Think about that for a moment – your house is powered by electricity, natural gas or possibly propane. Your car is powered by gas. Your watch is powered by a battery. Your exercise bike is powered by – you!  Everything is powered by something.

As we work towards establishing a culture of evangelism in Louisiana, what is going to power this effort?

The great Evangelism Professor, Roy Fish, defined evangelism as “the compassionate sharing of the Good News of Jesus Christ in the power of the Holy Spirit to lost people with the intent of winning them to Christ as Lord and Savior that they in turn might share Him with others.”

I love every aspect of this definition. I love the intentionality of this definition. Evangelism has an intent—winning the person to Christ. Our evangelism is to be compassionate. I love the last part that reminds me, as my Evangelism professor, Don Wilton, taught, that “evangelism is not complete until the evangelized becomes the evangelist.”

What I like best about Dr. Fish’s definition is the reliance of the witness on the Holy Spirit.

If we’re going to establish a culture of evangelism within our churches, we must be sensitive to the Holy Spirit. We must believe that He is at work! We must believe that He is always at work. We might not always see how God is at work, but we must believe He is at work. The Book of Acts begins with this commission from Jesus: “But you will receive power when the Holy Spirit has come on you, and you will be my witnesses in Jerusalem, in all Judea and Samaria, and to the ends of the earth.” (Acts 1:8, CSB)

The power of the Holy Spirit and the dependence of the church on the Holy Spirit is on full display throughout the Book of Acts. We observe this power and dependency on the macro level throughout the book and then observe this same pattern on the micro level in Acts 8 as God uses Philip.

  • An angel of the Lord spoke to Philip. (8:26)
  • The Ethiopian is reading Scripture. (8:28)
  • The Spirit told Philip to join the chariot. (8:29)
  • The Spirit carried Philip away. (8:39)

At every step in the story, the Spirit is at work. Philip’s witness was empowered by the Holy Spirit. The work of the Spirit of God is evident throughout the entire narrative. First, the Spirit of God scattered the Church throughout the region. Then, the Spirit of God spoke to the heart of Philip and sent him to a specific location to intercept the Ethiopian. Then, God set up the Ethiopian riding in the chariot by having him read from the prophet Isaiah. The point is that the Spirit of God is continually at work. We can be certain that God is at work drawing people to Himself. This fact ought to give us both great enthusiasm and great confidence as we seek to reach Louisiana, and beyond, one person at a time.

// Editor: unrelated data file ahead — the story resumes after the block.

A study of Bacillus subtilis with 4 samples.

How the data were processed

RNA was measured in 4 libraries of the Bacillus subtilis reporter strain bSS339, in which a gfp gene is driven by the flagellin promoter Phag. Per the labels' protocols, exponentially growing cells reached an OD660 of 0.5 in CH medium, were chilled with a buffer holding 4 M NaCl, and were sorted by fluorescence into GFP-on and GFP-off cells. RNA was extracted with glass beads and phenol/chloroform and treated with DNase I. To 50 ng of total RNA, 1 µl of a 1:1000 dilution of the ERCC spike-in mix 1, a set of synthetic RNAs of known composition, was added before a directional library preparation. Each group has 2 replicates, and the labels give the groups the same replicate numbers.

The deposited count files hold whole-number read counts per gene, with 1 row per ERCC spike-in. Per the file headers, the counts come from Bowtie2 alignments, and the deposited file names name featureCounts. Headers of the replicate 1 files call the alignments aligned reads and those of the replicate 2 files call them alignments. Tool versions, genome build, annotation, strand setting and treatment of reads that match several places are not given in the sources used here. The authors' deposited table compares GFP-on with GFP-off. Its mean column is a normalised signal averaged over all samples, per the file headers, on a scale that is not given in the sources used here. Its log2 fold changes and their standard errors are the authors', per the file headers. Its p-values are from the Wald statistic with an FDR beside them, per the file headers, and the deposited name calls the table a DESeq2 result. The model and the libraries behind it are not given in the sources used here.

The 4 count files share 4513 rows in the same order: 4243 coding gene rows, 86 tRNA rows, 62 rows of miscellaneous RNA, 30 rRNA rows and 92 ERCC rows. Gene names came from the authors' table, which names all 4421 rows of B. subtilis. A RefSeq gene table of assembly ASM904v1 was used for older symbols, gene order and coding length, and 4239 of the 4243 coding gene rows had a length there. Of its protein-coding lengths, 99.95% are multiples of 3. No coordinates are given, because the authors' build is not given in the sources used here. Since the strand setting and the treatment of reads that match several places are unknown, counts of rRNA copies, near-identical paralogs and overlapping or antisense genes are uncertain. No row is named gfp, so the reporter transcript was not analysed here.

As I am fond of asking the Biblical text when I read, “So what? What is the one big take away for me?”

If the Holy Spirit is our greatest power in evangelism, then prayer is our greatest resource.

Will you begin to pray for the estimated 3.2 million people in our state who may not have a relationship with Christ? Closer to home, will you begin to pray for the people you pass every day who may not know Christ? How about beginning to pray for ONE with whom God wants you to share?

When there is a culture of evangelism, we are always praying and watching to see where the Spirit is at work – while believing He is at work!

Steve Horn serves as the Executive Director for Louisiana Baptists. He was born in Columbia, Louisiana, and grew up in Lafayette. He served as pastor of First Baptist Church in Lafayette from June 2005 through May 2019. Dr. Horn has served in numerous national and state denominational positions including President of the Louisiana Baptist Convention in 2014-2015 and President of the Executive Board of the LBC in 2010-2011. He is married to Linett and they have two sons, Joshua and Dru.